Gabriel Jesus believes that the effort he is putting in behind the scenes means he’ll be able to play up to 70 games a season if required.
As we head towards the World Cup break, 13 games have been squeezed in 43 days since the start of October as we aim to maintain our superb start to the Premier League, as well as compete in the Europa League and kick off our Carabao Cup campaign.
But after being rested for our last European excursion to Bodo/Glimt a fortnight ago, the Brazilian striker is part of the travelling party for Thursday’s game with PSV Eindhoven, where a draw will be enough to seal top spot in the group and avoid a two-legged fixture in the play-off round in February.
However, Gabriel admits he isn’t feeling the effects of any fatigue due to the changes he has made to his lifestyle since becoming a father five months ago, allowing him to be ready whenever Mikel Arteta calls upon his services.
When asked if he’d be tired after playing 70 games in a season, he said: “Of course not. 100 per cent because I’m doing good recovery after the games – eating better, sleeping better, and enjoying life in the Arsenal shirt a lot. I’m ready to play 50, 60, 70 games per season.
“It’s not all about the body, the mind is more important because it controls the body. So I stay with my family, play with my daughter, that helps me a lot. Then, of course, I do stuff in the club, at home, with the fitness coaches. My wife is helping me a lot as well. But that’s life and you have to enjoy it at home, at work and you feel freer to enjoy it.”
After scoring five times in his first nine games since his summer switch from Manchester City, Gabriel hasn’t found the net since the thrilling 3-1 victory over Tottenham Hotspur at the start of the month - a run of five appearances.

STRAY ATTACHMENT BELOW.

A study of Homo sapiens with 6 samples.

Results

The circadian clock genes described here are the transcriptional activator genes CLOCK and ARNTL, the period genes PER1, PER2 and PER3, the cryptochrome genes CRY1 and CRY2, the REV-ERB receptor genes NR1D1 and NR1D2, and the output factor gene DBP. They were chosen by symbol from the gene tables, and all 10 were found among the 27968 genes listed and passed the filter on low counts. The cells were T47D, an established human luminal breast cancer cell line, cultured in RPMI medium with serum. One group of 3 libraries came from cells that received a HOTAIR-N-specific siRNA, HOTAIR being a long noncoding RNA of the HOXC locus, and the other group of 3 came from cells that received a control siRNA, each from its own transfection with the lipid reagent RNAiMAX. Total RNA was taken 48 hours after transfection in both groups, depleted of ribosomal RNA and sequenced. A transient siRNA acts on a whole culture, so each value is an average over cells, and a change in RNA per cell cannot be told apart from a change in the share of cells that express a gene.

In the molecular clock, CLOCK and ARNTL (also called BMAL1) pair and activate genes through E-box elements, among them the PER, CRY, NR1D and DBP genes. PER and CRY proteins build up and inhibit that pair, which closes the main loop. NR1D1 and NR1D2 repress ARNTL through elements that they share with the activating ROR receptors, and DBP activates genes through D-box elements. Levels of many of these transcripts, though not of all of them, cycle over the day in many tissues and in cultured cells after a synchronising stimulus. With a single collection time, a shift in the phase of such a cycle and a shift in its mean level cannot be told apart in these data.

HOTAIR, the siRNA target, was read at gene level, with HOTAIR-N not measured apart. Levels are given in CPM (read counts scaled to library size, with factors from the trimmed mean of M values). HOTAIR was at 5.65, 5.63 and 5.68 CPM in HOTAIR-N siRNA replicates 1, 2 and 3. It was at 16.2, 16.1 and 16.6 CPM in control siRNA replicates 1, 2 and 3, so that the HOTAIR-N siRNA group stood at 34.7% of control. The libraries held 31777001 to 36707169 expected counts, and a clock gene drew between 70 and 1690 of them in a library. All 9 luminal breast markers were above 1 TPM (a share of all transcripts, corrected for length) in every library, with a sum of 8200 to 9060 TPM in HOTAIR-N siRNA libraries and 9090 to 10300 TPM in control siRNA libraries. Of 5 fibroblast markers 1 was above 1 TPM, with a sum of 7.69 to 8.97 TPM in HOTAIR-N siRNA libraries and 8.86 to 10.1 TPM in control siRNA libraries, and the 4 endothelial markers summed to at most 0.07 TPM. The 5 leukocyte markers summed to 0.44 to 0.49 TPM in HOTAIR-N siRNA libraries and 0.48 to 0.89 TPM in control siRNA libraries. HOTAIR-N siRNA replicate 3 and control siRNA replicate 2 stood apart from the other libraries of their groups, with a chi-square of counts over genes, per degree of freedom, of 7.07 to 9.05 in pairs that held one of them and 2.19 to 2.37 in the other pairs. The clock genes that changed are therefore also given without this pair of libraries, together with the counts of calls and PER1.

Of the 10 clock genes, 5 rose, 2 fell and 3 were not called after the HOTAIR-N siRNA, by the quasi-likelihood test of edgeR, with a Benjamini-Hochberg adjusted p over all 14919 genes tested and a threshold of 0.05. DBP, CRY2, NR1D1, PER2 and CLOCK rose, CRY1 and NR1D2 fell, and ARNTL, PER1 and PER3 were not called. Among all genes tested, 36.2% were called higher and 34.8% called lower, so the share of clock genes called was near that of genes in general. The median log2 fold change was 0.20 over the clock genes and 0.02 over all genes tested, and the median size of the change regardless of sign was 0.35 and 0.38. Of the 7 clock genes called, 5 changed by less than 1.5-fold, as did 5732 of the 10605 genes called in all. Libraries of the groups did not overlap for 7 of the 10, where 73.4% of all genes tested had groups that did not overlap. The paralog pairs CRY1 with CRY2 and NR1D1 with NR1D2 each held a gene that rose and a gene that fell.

We have also netted just once in each of our last four games, and while that has still been enough for us to collect three wins and a draw, some onlookers have put this down to fatigue. Gabriel disagrees and feels it is a learning curve for our young squad, but backs them and himself to rediscover the goal trail sooner rather than later.
“It can happen because we are the youngest team,” he added. “There’s still a little bit to improve; like I said after the last game, I feel like I’m not doing things properly like I started the season. But I think we’re still doing very good. In one of the tough leagues, we are still in first position and we are playing good, but obviously we want to score more goals to win the games.
“It’s four games I’ve started and I don’t score. That’s happened before and I’m pretty sure in the future it’s going to happen again. That’s football - I don’t want it to be like this, of course. I want to improve, I want to work, like always in my life and then the next game, I try again. And I’m 100 per cent sure I will score.”
Having arrived in north London back three months ago, Gabriel has quickly settled into his new surroundings, and made an impression with not only his goals, but his experience at a young age, winning mentality and professionalism.
That led Arteta to swiftly make him part of the leadership group at the club, and he believes that being a figurehead for those even younger than his 25 years is helping him develop further and vindicate his move from the reigning Premier League champions.
“I said many times that I enjoyed my time at City,” Gabriel said. “Everyone needs a new challenge. That’s what I felt at that time and I am so happy. I think it was the best decision to feel more confident. I have a challenge here, and that is what I want, to come here with a young team.
“I think in the team I am the fourth or fifth oldest. But I still feel young here and I see in the training session everyone wants to improve, everyone wants to learn, to win.
“[Saka and Martinelli] are machines! I joke with them. I think I am a player with a lot of energy and I run all the time, I fight all the time. But when I train every day with them I realise I am not even close to them because they just don’t stop! They are machines, quality players as well and they’re still young, both 21. I am lucky to play with them.
“I am not a leader like a captain. I had a few, like [Vincent] Kompany, like Fernandinho as well, who talk, shout and help the team a lot. I am more relaxed. I talk just sometimes, but I think I show it on the pitch and the training sessions. I run, I help, if I have to run for some players who are tired, I run, I don’t care. And that’s why I think the coach chose me to be one of the captains. I am happy, I am grateful for that.”